Em Dash vs. En Dash vs. Hyphen vs. Minus

As we mentioned above, each type of dash, hyphen, or minus sign has its own special length, and each also gets its own Unicode character. Let’s take a look at how each one differs—and we’ll also show you how to type them.

  • Hyphen (-): A hyphen joins words together and is used to form compound words (usually compound adjectives) such as “once-in-a-lifetime” or “cyborg-related.” It is the shortest of the horizontal-line family of punctuation marks. To type a hyphen, simply press the minus key on your keyboard.
  • En Dash (–): An en dash is longer than a hyphen but shorter than an em dash. It’s used to denote a numerical range (such as 1981-1983) or to replace the word “to” in comparisons. You can type it on Windows by holding Alt on your keyboard and pressing 0150. On Mac, type it by pressing Option+Minus.
  • Em Dash (—): An em dash is longer than a hyphen and an en dash, and it’s often used to separate interjections or parenthetical phrases—such as this one—without interrupting the flow of the sentence. It can also replace other types of punctuation as well. The em dash inspires controversy at times because of how often it appears in modern writing. To type it on Windows, press Alt+0151. On a Mac, press Shift+Option+Minus.
  • Minus (−): A minus is a mathematical symbol that is technically longer than a hyphen and shorter than an em dash. We say “technically” because most people use the same minus key to type either a hyphen or minus interchangeably on computers due to historical precedent from the typewriter era. Officially, hyphen and minus are two distinct characters. To type a minus informally, press the minus key on your keyboard. If you want the official Unicode minus character, you can use the Emoji picker in Windows (press Alt+Period) or on the Mac (Press Ctrl+Command+Space) then select it from the menu with your mouse cursor.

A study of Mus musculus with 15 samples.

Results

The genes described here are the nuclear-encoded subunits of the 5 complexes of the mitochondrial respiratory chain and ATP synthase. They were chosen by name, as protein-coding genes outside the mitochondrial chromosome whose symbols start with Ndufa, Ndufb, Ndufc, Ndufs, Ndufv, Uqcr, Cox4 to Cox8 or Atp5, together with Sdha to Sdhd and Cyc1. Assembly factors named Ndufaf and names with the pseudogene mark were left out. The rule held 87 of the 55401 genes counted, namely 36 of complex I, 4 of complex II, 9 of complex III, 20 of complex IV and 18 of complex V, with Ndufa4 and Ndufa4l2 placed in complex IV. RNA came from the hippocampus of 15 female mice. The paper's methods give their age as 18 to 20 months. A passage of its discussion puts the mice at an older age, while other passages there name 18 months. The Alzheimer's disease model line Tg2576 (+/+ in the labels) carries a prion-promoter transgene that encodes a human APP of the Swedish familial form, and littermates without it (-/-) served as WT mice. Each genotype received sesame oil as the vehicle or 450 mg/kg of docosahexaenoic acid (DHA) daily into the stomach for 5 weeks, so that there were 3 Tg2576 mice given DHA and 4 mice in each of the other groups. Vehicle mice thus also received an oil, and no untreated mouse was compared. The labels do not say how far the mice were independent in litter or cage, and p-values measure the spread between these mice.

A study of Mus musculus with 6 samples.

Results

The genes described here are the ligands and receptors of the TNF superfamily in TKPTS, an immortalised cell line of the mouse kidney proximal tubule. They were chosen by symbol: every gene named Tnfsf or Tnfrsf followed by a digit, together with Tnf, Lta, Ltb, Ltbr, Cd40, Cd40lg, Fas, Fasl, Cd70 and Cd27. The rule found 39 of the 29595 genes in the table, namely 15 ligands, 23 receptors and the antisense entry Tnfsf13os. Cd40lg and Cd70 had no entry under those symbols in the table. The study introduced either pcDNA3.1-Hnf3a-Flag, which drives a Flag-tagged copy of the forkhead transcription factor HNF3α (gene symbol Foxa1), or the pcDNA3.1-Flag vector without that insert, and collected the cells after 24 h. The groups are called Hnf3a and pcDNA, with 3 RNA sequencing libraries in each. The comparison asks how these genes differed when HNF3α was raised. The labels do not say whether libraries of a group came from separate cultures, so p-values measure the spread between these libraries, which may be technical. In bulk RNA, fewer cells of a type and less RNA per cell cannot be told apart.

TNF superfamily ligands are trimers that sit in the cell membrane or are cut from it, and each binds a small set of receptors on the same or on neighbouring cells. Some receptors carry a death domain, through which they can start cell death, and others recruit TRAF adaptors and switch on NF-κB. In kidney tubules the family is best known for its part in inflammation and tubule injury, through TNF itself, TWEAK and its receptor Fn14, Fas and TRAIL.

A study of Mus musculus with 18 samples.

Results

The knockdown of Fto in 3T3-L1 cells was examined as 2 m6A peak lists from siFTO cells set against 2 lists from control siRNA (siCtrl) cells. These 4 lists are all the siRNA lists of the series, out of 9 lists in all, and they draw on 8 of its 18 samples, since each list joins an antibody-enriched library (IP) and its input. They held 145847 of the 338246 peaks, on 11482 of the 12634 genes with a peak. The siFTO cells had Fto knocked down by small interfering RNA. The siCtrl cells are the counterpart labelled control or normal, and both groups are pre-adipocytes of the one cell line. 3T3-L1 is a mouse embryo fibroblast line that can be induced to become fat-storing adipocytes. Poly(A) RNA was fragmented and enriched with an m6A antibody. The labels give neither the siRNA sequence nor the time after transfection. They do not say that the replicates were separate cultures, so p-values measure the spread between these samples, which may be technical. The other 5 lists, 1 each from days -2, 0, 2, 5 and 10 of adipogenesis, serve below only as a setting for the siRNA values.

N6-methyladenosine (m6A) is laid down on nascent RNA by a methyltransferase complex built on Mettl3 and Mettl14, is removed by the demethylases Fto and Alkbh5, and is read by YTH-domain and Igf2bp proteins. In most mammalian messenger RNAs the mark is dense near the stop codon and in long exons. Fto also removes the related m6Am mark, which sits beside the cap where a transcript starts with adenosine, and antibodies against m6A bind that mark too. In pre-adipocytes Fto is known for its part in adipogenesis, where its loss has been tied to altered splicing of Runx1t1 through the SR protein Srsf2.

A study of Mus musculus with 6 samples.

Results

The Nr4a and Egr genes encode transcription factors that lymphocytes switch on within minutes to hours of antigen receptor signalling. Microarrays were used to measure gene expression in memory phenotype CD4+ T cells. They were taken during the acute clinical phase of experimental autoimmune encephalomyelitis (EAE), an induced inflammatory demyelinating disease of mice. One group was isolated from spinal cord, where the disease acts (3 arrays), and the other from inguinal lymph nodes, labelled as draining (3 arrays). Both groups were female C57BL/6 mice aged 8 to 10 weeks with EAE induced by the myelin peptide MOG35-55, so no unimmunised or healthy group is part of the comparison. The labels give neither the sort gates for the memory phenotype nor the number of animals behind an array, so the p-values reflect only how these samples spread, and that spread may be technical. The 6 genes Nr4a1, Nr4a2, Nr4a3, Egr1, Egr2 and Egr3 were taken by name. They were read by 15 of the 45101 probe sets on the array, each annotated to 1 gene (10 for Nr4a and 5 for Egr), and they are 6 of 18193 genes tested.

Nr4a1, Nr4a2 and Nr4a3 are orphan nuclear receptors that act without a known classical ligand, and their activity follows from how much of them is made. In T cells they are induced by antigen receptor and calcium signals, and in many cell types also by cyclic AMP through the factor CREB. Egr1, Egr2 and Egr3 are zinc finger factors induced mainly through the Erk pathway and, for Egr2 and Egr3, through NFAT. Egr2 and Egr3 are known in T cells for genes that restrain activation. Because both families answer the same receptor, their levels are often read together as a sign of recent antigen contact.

As if that weren’t enough, there are other horizontal line Unicode characters, such as underscore (_), macron (¯), and overline (‾)—all of which can be used in different contexts to mean different things. Type is very complicated, and usually you don’t need to worry about those. For the average person, you can often get by knowing just hyphen and em dash.

What’s the Difference Between a Dash and Em Dash?


So informally, you can say “dash” and mean either en dash or em dash, but if you want to type a dash, you have to pick one of the specific types of dashes. Hope we haven’t dashed your hopes! Good luck out there.

RELATED: What Are Character Encodings Like ANSI and Unicode, and How Do They Differ?